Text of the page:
October 9, 2020

Using proven treatments and developing new methods crucial to fighting COVID-19

Madison, Wis. — Much attention has been focused on vaccine development to stop COVID-19, but effective treatments are also needed to fight this still relatively new virus.

UW Health clinicians are using current respiratory treatments on the disease caused by SARS-CoV-2; and the University of Wisconsin School of Medicine and Public Health is working together with UW Health on clinical trials for several novel therapies.

For patients who become hospitalized from a COVID-19 infection, there are current treatments that are effective, many utilizing the approved protocol to treat acute respiratory distress syndrome (ARDS), according to Lynn Schnapp, chair of the Department of Medicine at the UW School of Medicine and Public Health.

"We have tools that work when people become infected with this virus," she said. "As much as it seems everyone is focused on vaccines to prevent the disease – understandably so – we still must treat those who become sick the best ways we can."

That includes the ARDS protocol which covers how best to use a ventilator, how much intravenous fluid to give, medications that can help patients (and those that do not help), and how to best position the patient for better breathing.

In dealing with a pandemic driven by a new disease, health care systems can't rest on just existing knowledge. Researchers must look for new treatments to help increase the speed of recovery, said David Andes, professor of medicine in the infectious disease division and principal investigator at the UW clinical trial site for a drug called ruxolitinib that is being tested to treat cytokine storm in COVID-19 patients.

Cytokine storm occurs when a person's own immune system overreacts to what it perceives as invading pathogens, such as viruses.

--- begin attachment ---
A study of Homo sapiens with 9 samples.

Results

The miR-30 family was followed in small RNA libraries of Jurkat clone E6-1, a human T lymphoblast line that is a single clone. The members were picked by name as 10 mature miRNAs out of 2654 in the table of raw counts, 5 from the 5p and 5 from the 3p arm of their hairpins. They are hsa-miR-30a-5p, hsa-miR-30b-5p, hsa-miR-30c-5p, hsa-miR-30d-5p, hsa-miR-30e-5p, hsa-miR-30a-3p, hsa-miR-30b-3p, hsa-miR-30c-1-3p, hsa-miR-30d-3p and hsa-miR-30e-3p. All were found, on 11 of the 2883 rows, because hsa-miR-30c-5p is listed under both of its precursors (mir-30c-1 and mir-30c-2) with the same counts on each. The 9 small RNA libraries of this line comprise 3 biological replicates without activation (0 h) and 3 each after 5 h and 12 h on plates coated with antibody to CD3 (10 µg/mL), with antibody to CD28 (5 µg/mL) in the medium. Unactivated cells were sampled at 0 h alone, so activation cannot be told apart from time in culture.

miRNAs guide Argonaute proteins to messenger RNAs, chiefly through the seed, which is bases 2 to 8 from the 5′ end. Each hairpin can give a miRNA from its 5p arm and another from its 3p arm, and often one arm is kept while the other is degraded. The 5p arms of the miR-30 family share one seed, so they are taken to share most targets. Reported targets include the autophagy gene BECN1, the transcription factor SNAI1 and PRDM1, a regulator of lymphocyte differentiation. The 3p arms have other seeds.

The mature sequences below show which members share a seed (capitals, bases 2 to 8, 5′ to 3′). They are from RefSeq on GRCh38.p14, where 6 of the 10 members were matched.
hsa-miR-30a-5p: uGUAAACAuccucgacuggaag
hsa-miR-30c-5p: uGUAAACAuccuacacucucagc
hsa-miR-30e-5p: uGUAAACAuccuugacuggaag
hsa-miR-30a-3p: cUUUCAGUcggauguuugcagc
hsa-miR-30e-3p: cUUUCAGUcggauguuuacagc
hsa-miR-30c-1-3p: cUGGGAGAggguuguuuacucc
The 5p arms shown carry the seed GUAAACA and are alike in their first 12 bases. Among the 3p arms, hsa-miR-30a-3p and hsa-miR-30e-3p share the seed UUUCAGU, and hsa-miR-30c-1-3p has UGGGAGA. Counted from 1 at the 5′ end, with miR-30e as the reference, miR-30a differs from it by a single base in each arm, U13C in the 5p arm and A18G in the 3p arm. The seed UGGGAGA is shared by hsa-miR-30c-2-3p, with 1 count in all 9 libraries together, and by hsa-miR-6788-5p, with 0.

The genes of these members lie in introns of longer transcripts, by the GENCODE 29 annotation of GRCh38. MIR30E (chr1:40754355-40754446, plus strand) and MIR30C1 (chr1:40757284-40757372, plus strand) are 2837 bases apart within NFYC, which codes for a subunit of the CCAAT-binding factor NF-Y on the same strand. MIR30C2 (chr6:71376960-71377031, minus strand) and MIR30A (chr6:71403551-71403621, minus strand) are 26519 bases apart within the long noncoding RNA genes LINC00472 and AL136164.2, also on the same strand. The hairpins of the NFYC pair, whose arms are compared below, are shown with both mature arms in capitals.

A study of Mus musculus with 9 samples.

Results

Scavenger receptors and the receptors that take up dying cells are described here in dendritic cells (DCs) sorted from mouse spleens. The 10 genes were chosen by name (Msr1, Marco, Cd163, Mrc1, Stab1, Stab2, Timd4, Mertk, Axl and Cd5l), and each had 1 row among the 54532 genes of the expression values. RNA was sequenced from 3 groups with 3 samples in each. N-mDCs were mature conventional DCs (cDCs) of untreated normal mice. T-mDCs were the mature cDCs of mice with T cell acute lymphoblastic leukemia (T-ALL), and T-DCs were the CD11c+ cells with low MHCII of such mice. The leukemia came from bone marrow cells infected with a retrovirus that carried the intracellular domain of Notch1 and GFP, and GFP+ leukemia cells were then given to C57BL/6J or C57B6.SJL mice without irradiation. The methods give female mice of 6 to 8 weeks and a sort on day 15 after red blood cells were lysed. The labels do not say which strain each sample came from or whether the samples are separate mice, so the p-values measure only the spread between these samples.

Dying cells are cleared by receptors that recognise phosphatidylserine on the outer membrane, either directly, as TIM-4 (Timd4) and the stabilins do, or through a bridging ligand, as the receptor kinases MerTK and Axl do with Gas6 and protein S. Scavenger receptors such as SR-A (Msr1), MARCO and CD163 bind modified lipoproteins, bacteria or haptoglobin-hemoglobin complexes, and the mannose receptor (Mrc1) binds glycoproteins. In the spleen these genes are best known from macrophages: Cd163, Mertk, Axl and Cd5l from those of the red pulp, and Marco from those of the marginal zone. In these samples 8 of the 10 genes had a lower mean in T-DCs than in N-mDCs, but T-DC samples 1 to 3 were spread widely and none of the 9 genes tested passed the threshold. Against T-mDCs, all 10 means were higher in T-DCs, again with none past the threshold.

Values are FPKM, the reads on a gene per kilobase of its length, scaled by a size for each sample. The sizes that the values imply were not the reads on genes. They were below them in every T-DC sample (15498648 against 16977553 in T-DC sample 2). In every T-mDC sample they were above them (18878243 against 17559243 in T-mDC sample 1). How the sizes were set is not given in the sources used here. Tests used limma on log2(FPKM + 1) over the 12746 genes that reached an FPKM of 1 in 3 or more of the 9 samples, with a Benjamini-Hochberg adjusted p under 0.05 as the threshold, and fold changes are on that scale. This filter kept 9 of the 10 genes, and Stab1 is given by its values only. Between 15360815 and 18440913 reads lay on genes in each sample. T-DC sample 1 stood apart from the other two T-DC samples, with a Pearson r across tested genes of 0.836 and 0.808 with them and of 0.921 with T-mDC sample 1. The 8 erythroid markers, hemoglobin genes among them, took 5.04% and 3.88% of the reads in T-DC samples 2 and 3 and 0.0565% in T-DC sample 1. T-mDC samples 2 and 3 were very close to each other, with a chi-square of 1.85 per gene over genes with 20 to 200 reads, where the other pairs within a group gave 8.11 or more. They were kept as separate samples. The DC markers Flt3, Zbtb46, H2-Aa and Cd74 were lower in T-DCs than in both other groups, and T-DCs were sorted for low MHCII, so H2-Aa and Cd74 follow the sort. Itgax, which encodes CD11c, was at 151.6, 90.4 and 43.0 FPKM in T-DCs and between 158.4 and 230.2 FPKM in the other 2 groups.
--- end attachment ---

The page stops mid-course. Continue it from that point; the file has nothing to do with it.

In addition to ruxolitinib, UW Health and School of Medicine and Public Health have clinical trials underway to study the safety and effectiveness of convalescent blood plasma from people previously infected with COVID-19, and REGN-COV2, an antibody cocktail to trigger virus-killing antibody development in infected people. UW Health has also been using Remdesivir, an antiviral drug approved early in the pandemic to treat a person with a more severe COVID-19 infection.

Beyond the trials underway and treatments in use at UW Health, a clinical trial examining the use of steroids in hospitalized patients receiving oxygen therapy or invasive ventilation was recently published. The trial showed dexamethasone resulted in lower 28-day mortality rate among those who were receiving either invasive mechanical ventilation or oxygen alone at randomization but not among those receiving no respiratory support.

These results led to UW Health now recommending the use of dexamethasone for these patients, Schnapp said.

All treatment clinical trials follow the same three-phase federal Food and Drug Administration process for verification and approval as vaccine trials.

  • Phase 1 is a human trial that tests a vaccine for any major side effects.

  • Phase 2 is another human trial that tests a wider population to better understand its dosage and effectiveness.

  • Finally, Phase 3 clinical trials test the vaccine on a large group of people, sometimes several thousand, to ensure it is both safe and effective for a population.

"COVID-19 is new and we are learning so much so fast, and it will help us develop better ways to make patients healthy, faster," Andes said. "But, these ways can't come at the cost of incomplete approval or a rush to put them into practice."